Healing Begins Within Hours of Smoking Cessation

Smokers have more support options today to break away from nicotine

DAYTON, Ohio (December 16, 2013) – Smoking cigarettes is the leading preventable cause of death – a fact that leading organizations such as the Centers for Disease Control and Prevention and the World Health Organization agree upon and which society is becoming more aware of each day.

Perhaps that’s why more than half of all smokers in the United States want to break the harmful habit and millions of them have tried to do it, according to the CDC.

“Smoking affects every single organ in the body,” said Geetha Ambalavanan, MD, at Fairborn Medical Center. “It is not just the side effects of the nicotine, but the increased levels of inhaled carbon monoxide that can lead to problems with circulation and the heart.”

The three major health effects of smoking are lung cancer, chronic obstructive pulmonary disorder (COPD) and coronary heart disease. Smoking causes an estimated 90 percent of lung cancer deaths in men and 80 percent of all lung cancer deaths in women. If nobody smoked, one of every three cancer deaths in the United States would not happen, according to the CDC.

Smoking cessation remains a significant struggle for many despite the education of cigarette’s harm to the body and the desire for many smokers to quit. Dr. Ambalavanan, a Premier HealthNet physician, said the main reason is the strong addictive properties of nicotine. Nicotine is the psychoactive drug in tobacco products that produces dependence. Nicotine dependence is the most common form of chemical dependence in the United States and research has shown that it may be as addictive as heroin, cocaine or alcohol, the CDC said.

“If you talk to someone who has been addicted to any of these substances they will tell you that nicotine was by far the hardest one to kick,” Dr. Ambalavanan said. “The main reason is that it creates this physical tolerance where any attempt to quit creates very strong withdrawal symptoms, which if they are not educated about them or ready to handle them will cause them to go back to smoking.”

Nicotine withdrawal is different for everyone, but symptoms can be strong and include anxiety, restlessness, insomnia, irritability, weight gain, anger issues and difficulty concentrating. The urge to return to smoking is often triggered by an emotion, event or social environment. It is important to identify possible triggers before deciding to quit so that when an individual is faced with them they are less likely to give in and return to smoking, Dr. Ambalavanan said.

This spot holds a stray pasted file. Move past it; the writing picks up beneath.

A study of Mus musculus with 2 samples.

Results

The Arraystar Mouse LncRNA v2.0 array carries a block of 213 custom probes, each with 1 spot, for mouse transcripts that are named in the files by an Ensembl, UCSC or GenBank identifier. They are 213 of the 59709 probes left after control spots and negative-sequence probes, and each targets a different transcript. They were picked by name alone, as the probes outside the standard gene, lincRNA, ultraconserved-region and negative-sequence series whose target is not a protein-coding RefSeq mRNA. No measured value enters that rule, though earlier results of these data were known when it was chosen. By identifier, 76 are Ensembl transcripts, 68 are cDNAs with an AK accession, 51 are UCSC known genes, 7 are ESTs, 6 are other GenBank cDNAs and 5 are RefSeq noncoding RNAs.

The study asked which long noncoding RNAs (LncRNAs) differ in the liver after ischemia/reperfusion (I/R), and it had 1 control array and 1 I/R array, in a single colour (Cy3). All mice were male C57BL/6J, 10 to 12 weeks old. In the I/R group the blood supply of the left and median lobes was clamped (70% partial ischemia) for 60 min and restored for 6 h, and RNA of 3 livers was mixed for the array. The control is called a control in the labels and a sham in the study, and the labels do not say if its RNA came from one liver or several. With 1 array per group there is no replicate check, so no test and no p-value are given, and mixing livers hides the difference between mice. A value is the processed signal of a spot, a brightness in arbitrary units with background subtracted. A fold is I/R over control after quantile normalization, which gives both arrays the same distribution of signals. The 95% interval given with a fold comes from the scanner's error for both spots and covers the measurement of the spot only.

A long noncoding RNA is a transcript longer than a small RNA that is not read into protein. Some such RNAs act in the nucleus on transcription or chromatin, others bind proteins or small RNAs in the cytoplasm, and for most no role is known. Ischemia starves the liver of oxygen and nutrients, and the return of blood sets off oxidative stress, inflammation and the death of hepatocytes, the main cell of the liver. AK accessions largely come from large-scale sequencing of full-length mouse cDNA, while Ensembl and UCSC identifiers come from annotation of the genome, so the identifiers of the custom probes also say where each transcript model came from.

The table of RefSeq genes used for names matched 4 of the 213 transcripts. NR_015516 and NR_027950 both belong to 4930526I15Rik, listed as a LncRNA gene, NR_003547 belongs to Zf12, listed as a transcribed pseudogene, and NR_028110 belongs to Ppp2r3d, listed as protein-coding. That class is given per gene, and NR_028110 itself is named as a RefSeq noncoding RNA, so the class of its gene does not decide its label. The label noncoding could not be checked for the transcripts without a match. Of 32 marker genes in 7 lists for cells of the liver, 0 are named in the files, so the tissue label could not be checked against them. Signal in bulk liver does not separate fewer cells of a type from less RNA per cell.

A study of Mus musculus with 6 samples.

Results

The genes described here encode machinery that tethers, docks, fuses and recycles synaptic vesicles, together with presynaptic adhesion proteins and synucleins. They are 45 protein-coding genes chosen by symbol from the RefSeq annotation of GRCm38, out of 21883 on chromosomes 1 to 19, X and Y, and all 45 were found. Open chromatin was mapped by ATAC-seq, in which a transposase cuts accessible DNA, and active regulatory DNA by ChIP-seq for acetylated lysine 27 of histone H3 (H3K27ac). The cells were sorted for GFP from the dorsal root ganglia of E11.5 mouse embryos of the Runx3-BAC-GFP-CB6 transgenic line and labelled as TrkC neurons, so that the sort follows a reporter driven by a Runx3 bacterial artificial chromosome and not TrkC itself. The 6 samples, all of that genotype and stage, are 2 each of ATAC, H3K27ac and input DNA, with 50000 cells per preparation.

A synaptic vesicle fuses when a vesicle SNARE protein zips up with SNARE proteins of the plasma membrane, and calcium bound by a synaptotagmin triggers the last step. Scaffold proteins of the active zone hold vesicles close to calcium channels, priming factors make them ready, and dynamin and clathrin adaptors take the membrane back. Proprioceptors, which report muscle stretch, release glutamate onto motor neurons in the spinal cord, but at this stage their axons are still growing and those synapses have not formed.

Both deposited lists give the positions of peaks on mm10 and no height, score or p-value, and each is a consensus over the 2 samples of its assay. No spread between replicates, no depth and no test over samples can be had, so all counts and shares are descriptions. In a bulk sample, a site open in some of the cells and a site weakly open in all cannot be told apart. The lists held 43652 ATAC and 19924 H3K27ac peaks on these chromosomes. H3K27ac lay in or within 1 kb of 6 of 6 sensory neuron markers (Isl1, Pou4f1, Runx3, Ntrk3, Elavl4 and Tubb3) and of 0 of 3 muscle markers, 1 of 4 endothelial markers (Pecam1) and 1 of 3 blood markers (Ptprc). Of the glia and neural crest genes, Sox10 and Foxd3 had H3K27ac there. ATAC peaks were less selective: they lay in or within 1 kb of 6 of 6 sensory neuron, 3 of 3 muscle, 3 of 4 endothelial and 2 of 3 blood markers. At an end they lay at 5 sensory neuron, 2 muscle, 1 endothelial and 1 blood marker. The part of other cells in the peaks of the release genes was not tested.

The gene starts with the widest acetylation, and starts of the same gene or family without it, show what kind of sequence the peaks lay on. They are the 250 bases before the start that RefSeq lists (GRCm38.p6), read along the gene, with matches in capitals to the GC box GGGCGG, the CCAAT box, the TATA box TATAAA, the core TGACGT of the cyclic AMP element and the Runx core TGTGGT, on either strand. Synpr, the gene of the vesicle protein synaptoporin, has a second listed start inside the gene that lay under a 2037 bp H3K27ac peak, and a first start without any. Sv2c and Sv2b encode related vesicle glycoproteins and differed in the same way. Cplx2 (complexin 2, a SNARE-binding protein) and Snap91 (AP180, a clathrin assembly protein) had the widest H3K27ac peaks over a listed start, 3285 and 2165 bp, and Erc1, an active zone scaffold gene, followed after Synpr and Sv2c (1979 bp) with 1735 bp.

The good news is that there is hope for those who want to quit and ever increasing support options – including medications and programs – are making it a bit easier for many. Starting in 2002, the number of former smokers has exceeded the number of current smokers, the CDC states. Dr. Ambalavanan encourages those who are serious about smoking cessation to think through their course of action.

The chances of successfully quitting double when one uses some form of support opposed to quitting “cold turkey,” she said. Dr. Ambalavanan said individuals should first seek the support of their primary care physician with help in creating a plan to quit. This plan can include the help of medications, support groups or both. Resources – such as 1-800 phone numbers, websites and now even smart phone apps – provide a steady stream of encouragement and hope. It’s important that a plan should include a quit date and a strategy as to how triggers will be handled.

It is difficult to quit smoking, but the health benefits are immeasurable and realized within minutes of having the last cigarette. According to the American Lung Association, a person’s heart rate drops to a normal level just 20 minutes after quitting. Two to three weeks later, a person’s risk of having a heart attack begins to drop and their lung function improves. Ten years after quitting the risk of dying from lung cancer is half that of a smoker’s.

“The important thing is that individuals make the choice today,” Dr. Ambalavanan said. “I have COPD patients who want to quit now, but it will take seven to 10 years for their body to return to normalcy. For most people, it is a lack of education and for others it is a lack of denial that they will ever experience theill effects of smoking.”
To learn more about smoking cessation, or to find a Premier HealthNet physician, visit www.premierhealthnet.com/doctor.